Sun Blood Stories Takes Neurolux on a Trip Through 'Twilight Midnight Morning' 

SBS shifts effortlessly between languid blues-funk and experimental noise

click to enlarge Sun Blood Stories on its journey to the end of the night - BEN SCHULTZ
  • Ben Schultz
  • Sun Blood Stories on its journey to the end of the night

When the members of Sun Blood Stories spoke with Boise Weekly earlier this month, they talked about a problem they encounter when performing songs from their new album, Twilight Midnight Morning (Obsolete Media Objects, 2015). They enjoy playing the material live, but other songs just don't seem to fit into the set.

"We talked about possibly interjecting new songs," Amber Pollard said. "We have other songs; we've written other songs. But this album needs these songs, and we need to play it this way. It doesn't work any other [way]."

SBS's album release show at Neurolux on June 23, supported Pollard's statement. The local quintet played through almost all of Twilight to a crowd of more than 100 people. The confident, impassioned performance suited what The Obelisk called the "vitality and adventurousness" of the album.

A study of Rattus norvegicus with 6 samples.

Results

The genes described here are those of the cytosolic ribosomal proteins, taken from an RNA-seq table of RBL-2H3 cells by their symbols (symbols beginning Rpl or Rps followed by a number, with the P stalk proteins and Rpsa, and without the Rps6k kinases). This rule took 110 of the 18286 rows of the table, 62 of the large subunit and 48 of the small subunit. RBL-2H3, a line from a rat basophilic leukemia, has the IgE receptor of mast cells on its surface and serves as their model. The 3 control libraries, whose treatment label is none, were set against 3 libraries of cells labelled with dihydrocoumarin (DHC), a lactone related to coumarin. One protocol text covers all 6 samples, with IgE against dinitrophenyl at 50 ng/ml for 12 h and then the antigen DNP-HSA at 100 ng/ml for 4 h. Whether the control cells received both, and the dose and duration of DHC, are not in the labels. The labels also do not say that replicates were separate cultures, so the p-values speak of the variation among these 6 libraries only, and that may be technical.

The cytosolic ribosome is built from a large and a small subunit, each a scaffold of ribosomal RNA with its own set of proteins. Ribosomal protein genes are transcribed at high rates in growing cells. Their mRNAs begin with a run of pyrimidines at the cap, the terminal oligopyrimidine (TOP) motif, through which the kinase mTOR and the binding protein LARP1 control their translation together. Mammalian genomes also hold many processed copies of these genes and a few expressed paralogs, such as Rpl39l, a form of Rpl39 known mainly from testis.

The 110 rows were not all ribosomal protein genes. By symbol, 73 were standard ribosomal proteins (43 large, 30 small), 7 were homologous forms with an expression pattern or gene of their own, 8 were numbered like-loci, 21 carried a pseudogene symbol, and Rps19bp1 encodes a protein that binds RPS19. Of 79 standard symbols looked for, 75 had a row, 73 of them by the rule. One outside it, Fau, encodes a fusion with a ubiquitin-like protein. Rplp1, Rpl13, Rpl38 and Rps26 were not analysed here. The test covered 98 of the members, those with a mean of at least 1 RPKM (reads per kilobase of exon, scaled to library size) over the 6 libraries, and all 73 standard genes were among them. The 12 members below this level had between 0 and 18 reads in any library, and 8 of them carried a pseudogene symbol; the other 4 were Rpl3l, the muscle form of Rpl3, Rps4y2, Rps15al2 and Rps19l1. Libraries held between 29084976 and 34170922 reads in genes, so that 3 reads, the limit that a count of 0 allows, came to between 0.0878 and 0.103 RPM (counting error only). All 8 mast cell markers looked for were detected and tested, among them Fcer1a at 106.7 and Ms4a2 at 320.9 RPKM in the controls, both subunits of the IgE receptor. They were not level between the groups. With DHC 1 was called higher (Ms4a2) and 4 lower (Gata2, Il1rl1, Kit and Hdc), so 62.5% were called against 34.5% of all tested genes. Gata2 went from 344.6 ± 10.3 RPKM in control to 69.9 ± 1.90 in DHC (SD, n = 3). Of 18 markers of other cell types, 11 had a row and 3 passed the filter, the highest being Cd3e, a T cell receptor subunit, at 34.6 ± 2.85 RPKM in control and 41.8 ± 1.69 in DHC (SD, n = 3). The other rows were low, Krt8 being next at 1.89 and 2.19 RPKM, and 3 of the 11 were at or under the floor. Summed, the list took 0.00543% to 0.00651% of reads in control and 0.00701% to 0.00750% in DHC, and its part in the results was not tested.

The two opening acts, while vastly different from each other, fit in with Twilight's multifaceted sound. Local chamber-folk act Tisper kicked off the show, and Samwise Carlson's haunting tunes and terse, cryptic lyrics called to mind Nick Drake and Perfumed Genius. Both the words and the music found the perfect vehicle in Carlson's delicate, yearning, high tenor and angelic falsetto. His vocals and quick finger-picking received support from Riley Johnson's subdued keyboard and Brynn Givans' serene violin.

Next up was local jazz-fusion trio Foul Weather. Youth Lagoon guitarist Logan Hyde's swift, muscular drumming provided propulsion for Daniel Kerr's weaving basslines and Jeremy Stewart's fluid, melodic synthesizer solos. The group's smooth melodies and mildly funky grooves built in intensity as the set progressed; while earlier numbers sounded like background music for an uncommonly hip dentist's office, later numbers suggested Gary Numan obsessing over Miles Davis's A Tribute to Jack Johnson.

As impressive as both openers were, the night belonged to SBS. With Nik Kososik's bass and Jon Fust's drums driving Pollard and Ben Kirby's guitars and Judah Claffey's viola forward, the band shifted effortlessly between languid blues-funk, pensive art-folk, roiling hard rock and experimental noise. Pollard's spooky moan and wail complemented Kirby's sly baritone croon and surprising high end.

When the band finished its set, Kirby made an endearingly awkward merch pitch, followed by, "Anyway, I'm not very good at talking." Judging from the loud applause, the crowd didn't mind at all.